Ask Carrie: Carrie Schwab Pomerantz - The Personal Side of Money

Get Someone Started on a Lifetime of Investing

May 27, 2009

Dear Carrie:

My 15-year-old grandson called me the other night and asked if he should open a brokerage account now that the market is so low. (He has $100 to invest.) What should I tell him? Thanks!

—A Reader

Dear Reader:

Someone must be doing something right with this teen who not only wants to invest $100 rather than spend it—but who knows that the market’s decline could signal a good opportunity to buy stocks. I would absolutely encourage and support him. You’ll be starting him out on a lifetime of investing, and what he learns with this modest beginning could pay enormous dividends in the years to come.

Getting started should be easy. Because your grandson is a minor, he will need an adult (most likely either you or a parent) to open the account and act as its custodian until he reaches the age of majority (typically 18 or 21—or up to 25, depending on his state). I’d also like to point out here for the benefit of others that if large sums of money are involved, custodial accounts may not be the best option given tax issues and college financial aid—but small accounts offer a fantastic way for young people to get their investing feet wet.

Strategy and Tactics
Once the money is in the account, it’s time to invest. Here’s where the real learning (and the fun) begins. I’d start by explaining the fundamentals of building a portfolio. Explore with him the importance of establishing goals, which in his case will probably be pretty simple: long-term growth. Discuss the critical need for diversification (though as I’ll explain below, diversification may not be a big concern in a small portfolio). Teach him about asset allocation and dividing his capital among equities, bonds, and cash (again, not super-critical for a portfolio of $100, but something he’ll need to understand in the future). Explain the different ways to create a portfolio: buying individual stocks or investing in mutual funds. And finally, talk about the risks inherent in different types of investments, and the risk/reward tradeoff.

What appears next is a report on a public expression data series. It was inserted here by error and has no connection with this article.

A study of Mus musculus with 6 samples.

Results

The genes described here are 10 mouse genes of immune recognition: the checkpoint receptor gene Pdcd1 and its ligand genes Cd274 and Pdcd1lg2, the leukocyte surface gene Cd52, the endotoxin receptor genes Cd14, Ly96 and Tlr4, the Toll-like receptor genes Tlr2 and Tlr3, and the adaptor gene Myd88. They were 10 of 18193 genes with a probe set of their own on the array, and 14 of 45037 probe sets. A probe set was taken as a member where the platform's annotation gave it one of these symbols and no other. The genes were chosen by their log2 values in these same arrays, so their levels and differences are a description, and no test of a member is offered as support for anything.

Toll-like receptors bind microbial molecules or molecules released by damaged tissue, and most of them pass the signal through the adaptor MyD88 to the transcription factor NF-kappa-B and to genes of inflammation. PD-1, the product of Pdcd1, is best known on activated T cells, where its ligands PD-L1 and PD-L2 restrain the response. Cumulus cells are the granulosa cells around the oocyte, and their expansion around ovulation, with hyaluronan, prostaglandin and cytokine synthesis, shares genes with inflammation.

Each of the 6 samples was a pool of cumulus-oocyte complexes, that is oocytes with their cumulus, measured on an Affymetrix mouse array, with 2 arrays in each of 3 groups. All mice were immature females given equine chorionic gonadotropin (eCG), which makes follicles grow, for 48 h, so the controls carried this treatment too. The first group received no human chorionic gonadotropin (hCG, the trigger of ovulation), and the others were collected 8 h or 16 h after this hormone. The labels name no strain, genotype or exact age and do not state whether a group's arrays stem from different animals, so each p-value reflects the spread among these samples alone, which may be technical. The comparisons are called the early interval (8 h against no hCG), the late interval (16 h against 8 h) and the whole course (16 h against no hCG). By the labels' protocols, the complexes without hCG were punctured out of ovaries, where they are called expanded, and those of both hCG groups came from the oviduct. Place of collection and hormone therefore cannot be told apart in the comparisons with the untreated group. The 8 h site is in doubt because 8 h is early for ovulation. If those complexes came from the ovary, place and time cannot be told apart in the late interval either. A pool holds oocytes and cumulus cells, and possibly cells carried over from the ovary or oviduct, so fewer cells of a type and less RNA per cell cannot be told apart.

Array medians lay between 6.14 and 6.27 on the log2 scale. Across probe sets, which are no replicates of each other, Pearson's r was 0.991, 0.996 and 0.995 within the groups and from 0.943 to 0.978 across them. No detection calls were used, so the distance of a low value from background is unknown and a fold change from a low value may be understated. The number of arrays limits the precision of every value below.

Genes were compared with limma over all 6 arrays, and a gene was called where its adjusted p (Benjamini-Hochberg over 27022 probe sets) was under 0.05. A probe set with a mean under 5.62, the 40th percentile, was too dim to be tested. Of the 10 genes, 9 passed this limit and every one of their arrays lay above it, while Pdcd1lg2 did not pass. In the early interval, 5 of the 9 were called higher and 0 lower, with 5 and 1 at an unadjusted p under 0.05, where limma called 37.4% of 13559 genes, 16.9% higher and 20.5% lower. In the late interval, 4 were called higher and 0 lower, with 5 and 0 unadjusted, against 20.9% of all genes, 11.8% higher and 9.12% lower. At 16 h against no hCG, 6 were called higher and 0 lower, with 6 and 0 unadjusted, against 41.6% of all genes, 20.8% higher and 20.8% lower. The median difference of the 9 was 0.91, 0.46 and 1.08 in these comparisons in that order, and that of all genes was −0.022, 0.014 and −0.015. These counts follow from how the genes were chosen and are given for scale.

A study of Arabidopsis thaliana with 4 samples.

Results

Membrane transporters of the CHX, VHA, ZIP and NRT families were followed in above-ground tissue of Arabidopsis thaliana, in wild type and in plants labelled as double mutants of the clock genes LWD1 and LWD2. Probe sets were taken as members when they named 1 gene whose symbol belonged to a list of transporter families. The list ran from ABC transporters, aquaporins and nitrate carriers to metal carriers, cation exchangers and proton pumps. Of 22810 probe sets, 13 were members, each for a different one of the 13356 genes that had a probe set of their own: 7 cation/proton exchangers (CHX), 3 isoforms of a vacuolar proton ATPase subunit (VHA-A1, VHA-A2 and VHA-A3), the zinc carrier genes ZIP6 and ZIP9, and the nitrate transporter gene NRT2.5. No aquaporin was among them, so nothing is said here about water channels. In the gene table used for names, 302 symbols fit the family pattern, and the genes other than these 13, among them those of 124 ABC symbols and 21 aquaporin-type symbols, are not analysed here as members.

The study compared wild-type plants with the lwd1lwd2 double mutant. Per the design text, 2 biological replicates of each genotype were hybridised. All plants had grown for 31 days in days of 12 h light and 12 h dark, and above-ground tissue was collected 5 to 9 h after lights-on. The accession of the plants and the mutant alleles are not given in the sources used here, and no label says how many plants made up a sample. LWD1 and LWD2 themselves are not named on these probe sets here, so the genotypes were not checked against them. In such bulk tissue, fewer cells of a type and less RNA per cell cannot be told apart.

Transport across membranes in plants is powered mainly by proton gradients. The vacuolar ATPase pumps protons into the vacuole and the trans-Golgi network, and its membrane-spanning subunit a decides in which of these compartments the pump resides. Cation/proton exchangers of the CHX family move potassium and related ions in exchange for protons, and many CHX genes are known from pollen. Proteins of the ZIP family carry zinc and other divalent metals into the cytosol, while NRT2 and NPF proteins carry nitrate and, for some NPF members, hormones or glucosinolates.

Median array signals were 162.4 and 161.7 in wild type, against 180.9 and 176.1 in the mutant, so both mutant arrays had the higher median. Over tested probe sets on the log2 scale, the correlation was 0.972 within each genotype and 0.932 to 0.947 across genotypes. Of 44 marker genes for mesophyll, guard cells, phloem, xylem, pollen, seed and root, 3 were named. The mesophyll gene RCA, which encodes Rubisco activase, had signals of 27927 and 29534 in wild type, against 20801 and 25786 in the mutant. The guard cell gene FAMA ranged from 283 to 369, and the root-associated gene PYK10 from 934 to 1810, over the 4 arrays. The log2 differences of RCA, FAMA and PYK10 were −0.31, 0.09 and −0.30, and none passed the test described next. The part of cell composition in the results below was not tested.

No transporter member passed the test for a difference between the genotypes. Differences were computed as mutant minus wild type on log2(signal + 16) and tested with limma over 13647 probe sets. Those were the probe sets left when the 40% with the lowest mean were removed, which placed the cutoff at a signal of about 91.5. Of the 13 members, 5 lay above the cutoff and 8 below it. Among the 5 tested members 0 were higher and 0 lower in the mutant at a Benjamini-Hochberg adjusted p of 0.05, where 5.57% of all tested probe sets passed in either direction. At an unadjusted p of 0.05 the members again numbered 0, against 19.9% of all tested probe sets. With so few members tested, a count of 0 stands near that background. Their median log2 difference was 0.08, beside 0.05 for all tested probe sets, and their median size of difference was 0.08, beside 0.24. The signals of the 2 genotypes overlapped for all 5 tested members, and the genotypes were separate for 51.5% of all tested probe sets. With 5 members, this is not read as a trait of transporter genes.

Instead of spending a lot of time trying to pick the "right" investment, I would instead focus on investments that will whet his desire to know more about the markets, investing, and personal finance. (If he was 25 and had $1,000 or $5,000, I might offer some different suggestions. But with $100, I think the goal should be to make investing fun and interesting.) There are a couple ways he could go. A more conservative approach would be to buy a mutual fund. Another option would be individual stocks. Even though he doesn’t have enough assets to build a truly diversified portfolio, and transaction costs will eat into his capital, it might be more fun to buy even a couple of shares in a few companies. I’m sure he can come up with several companies that might hold a personal interest for him, and even buying one or two shares will intensify that interest.

Urge him to follow his investments and the markets, and be a resource for him if he has specific questions. There is an entire universe of information online about these topics, and if he gets into it, he can really prepare himself for his financial future. And it might encourage him to save and invest more. Another great way to spur him on would be to match a percentage of his new contributions.

I was so pleased to get your question! I wish more young people would demonstrate an interest in investing, and I wish more parents and grandparents would encourage it. Tell your grandson good luck from me, and I hope he turns into a real investor.

Important Disclosures

The information provided here is for general informational purposes only and should not be considered an individualized recommendation or personalized investment advice. The type of securities and investment strategies mentioned may not be suitable for everyone. Each investor needs to review a security transaction and investment strategy for his or her own particular situation. Data contained here is obtained from what are considered reliable sources. However, its accuracy, completeness or reliability cannot be guaranteed.


The information on this website is for educational purposes only. It is not intended to be a substitute for specific individualized tax, legal or investment planning advice. Where specific advice is necessary or appropriate, consult with a qualified tax advisor, CPA, financial planner or investment manager.